Fundamental Architecture and Advantages
In practice, One-Der is a bit more complex, but not much. The main CPU is about 140 lines of Verilog code -- less if you deduct the comments. However, this main portion is really just defining the bus between functional units. All the real work is in one of the functional units -- even the program memory and the program counter are functional units.
The main bus has two other functions that augment the transfer of data between functional units. First, it allows for conditional transfers. That is, based on a set of conditional tests, a transfer may not be allowed and the bus cycle becomes a NOP instruction.
The second augmentation is the ability to load constants. The program counter functional unit has a special operation: load the next 32-bit word into a special constant register (which is also part of the PC's functional unit). Because many constants don't require the full 32-bit word, there is also a way to use illegal conditional instructions to load shorter (28-bit) constants in a single 32-bit bus cycle (using the same constant register). In addition, one or more "constant" functional units can make common constants (like zero, for example) easily accessible to any instruction.
This points out one of the major advantages of the One-Der architecture. Need a special set of constants that I don't use? It is trivial to add a new functional unit with your constant. A practical functional unit might be more difficult, but the interface of your logic to the CPU is trivial. Each functional unit has an 8-bit address, so you simply need to create a module for your functional unit and instantiate it in the CPU at an unused address. By convention, all the functional units have the same module signature to a point and then custom parameters follow the standard ones. It is often simpler to test individual functional units separately before integrating them with the main CPU, another advantage.
For example, Listing 1 shows the roughly 70 lines of Verilog that make up the current constant unit. The address is one of the parameters passed in when you instantiate the module.
'timescale 1ns / 1ps 'default_nettype none /********************************************************************** One-Der Copyright 2006, 2007, 2008, 2009 by Al Williams (firstname.lastname@example.org). This file is part of One-Der. One-Der is free software: you can redistribute it and/or modify it under the terms of the GNU General Public Licenses as published by the Free Software Foundation, either version 3 of the License, or (at your option) any later version. One-Der is distributed in the hope that it will be useful, but WITHOUT ANY WARRANTY: without even the implied warranty of MERCHANTABILITY or FITNESS FOR A PARTICULAR PURPOSE. See the GNU General Public License for more details. You should have received a copy of the GNU General Public License along with One-Der (see LICENSE.TXT). If not, see http://www.gnu.org/licenses/. If a non-GPL license is desired, contact the author. This is the FU that contains 16 useful constants. ***********************************************************************/ module FConstant(input wire xreset, // reset input wire clk0, // clock input wire invclk, input wire phase, inout wire [31:0] dbus, // data input wire [12:0] srcadd, // source add input wire [12:0] dstadd, // dest add (not used) input wire [12:0] cfg, // configured address output wire dta, // data transfer ack input wire dtain); // dta input wire wire oe; // tri state control wire [3:0] subunit; // match addresses assign oe=srcadd[7:0]==cfg[7:0]&& srcadd==cfg; assign subunit=srcadd[11:8]; assign dta=1'b1; reg [31:0] const; assign dbus=oe?const:32'bz; // set up the constants always @(subunit) begin case (subunit) 4'b0000 : const=32'b0; 4'b0001 : const=32'b1; 4'b0010 : const=32'h2; 4'b0011 : const=32'h80000000; 4'b0100 : const=32'h4; 4'b0101 : const=32'hff; 4'b0110 : const=32'hff00; 4'b0111 : const=32'hff0000; 4'b1000 : const=32'hff000000; 4'b1001 : const=32'h00000010; 4'b1010 : const=32'ha; 4'b1011 : const=32'hf; 4'b1100 : const=32'hf0; 4'b1101 : const=32'h80; 4'b1110 : const=32'haaaaaaaa; 4'b1111 : const=32'hffffffff; default: const=32'h0; endcase end endmodule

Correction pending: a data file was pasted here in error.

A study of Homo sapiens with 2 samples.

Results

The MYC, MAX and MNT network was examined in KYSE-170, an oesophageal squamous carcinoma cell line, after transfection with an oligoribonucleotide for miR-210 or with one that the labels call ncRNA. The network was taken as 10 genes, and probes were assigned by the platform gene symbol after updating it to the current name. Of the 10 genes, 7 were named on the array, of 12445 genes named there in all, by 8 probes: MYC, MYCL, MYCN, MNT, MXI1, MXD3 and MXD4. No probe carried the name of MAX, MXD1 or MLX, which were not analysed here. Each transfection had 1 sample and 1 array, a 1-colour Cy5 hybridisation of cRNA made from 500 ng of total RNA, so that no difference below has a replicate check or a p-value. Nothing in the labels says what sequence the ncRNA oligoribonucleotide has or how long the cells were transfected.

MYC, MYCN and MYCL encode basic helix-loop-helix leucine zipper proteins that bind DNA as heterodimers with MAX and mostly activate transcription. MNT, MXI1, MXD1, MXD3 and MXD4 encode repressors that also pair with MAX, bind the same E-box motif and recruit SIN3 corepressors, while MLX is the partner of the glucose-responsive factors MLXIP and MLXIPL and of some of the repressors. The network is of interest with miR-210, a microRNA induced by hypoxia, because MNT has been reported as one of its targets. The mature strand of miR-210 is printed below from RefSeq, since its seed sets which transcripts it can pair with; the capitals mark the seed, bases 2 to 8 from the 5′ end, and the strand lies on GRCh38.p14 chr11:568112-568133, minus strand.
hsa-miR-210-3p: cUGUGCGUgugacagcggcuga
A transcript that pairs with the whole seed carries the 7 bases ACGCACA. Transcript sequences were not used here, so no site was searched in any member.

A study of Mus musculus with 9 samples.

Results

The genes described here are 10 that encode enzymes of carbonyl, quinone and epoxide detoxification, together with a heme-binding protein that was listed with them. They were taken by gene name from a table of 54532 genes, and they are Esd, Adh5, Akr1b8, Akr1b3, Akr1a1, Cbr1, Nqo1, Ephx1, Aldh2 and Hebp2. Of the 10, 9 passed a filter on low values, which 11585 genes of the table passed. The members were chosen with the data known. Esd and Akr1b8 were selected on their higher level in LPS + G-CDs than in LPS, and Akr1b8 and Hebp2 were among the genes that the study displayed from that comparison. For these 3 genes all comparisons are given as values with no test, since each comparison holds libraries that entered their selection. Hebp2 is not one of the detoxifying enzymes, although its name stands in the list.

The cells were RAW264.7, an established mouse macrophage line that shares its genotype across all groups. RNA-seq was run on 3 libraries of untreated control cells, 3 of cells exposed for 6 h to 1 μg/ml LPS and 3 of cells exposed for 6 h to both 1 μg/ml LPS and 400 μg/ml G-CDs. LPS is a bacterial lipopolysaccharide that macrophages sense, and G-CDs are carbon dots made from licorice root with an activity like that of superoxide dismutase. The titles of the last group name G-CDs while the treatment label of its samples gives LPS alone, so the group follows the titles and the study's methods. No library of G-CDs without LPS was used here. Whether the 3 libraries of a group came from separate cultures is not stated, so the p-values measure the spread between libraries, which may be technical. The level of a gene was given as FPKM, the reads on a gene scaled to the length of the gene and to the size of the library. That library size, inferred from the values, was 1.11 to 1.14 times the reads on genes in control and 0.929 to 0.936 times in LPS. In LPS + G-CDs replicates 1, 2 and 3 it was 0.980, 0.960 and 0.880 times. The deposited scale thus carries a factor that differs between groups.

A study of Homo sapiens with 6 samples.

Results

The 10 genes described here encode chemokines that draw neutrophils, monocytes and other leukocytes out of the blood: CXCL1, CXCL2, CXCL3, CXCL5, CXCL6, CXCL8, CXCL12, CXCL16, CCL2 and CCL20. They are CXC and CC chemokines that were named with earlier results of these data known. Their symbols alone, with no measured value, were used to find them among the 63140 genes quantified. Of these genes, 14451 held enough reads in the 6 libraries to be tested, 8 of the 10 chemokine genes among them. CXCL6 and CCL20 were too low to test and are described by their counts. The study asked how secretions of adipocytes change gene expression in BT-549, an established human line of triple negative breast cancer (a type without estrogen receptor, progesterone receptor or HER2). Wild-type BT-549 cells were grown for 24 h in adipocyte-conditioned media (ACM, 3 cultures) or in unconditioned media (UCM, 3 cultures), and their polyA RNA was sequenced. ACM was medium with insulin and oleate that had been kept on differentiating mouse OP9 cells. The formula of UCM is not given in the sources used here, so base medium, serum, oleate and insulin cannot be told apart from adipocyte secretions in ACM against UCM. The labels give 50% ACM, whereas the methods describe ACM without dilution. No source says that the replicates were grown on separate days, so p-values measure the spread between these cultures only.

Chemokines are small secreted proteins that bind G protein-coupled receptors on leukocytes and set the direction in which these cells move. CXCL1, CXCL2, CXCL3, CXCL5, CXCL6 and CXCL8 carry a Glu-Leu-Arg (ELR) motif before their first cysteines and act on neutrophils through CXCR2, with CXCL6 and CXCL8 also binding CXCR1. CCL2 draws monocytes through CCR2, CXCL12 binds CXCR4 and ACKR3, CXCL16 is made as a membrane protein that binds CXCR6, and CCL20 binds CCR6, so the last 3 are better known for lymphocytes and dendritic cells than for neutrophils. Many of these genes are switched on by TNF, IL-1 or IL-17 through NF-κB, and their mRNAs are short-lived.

To add a new set of constants, simply copy and paste this module to a new Verilog file, rename the module, and instantiate it with a new address in the main CPU file (oneder.v) and you can put 16 more constants in your new custom instruction set. For example, here's the line that includes the existing unit:
// Constant source (unit 0) FConstant constant(xreset, clk0,invclk,phase, dbus, src, dst, 13'h0, dta, dta);
Constants are a simple example, but perhaps your program would benefit from three accumulators or four different loop counters. No problem. Just instantiate the existing module multiple times, each with a different address. It is just as easy to remove modules to save space on the FPGA if you find your program never uses a particular module.
While it is handy to be able to add, multiply, and subtract functional units by hand, a ripe area of research is using this architectural style in reconfigurable computing applications. A compiler could determine the optimum number and types of functional units and literally build a custom CPU on the fly optimized for the task at hand.
There is one other feature that functional units can use to manipulate the bus. The bus manages a line known as dta (data transfer acknowledge). This bit allows either the sender or the reciever to stall the bus if necessary. This can be useful for slow external memory access for example. The FIO functional unit takes advantage of the bus stall to implement a delay subfunction.
In addition to functional units, One-Der has a set of registers that can act as the source or destination of a transfer. These act like registers on any garden-variety CPU; they simply store values until needed.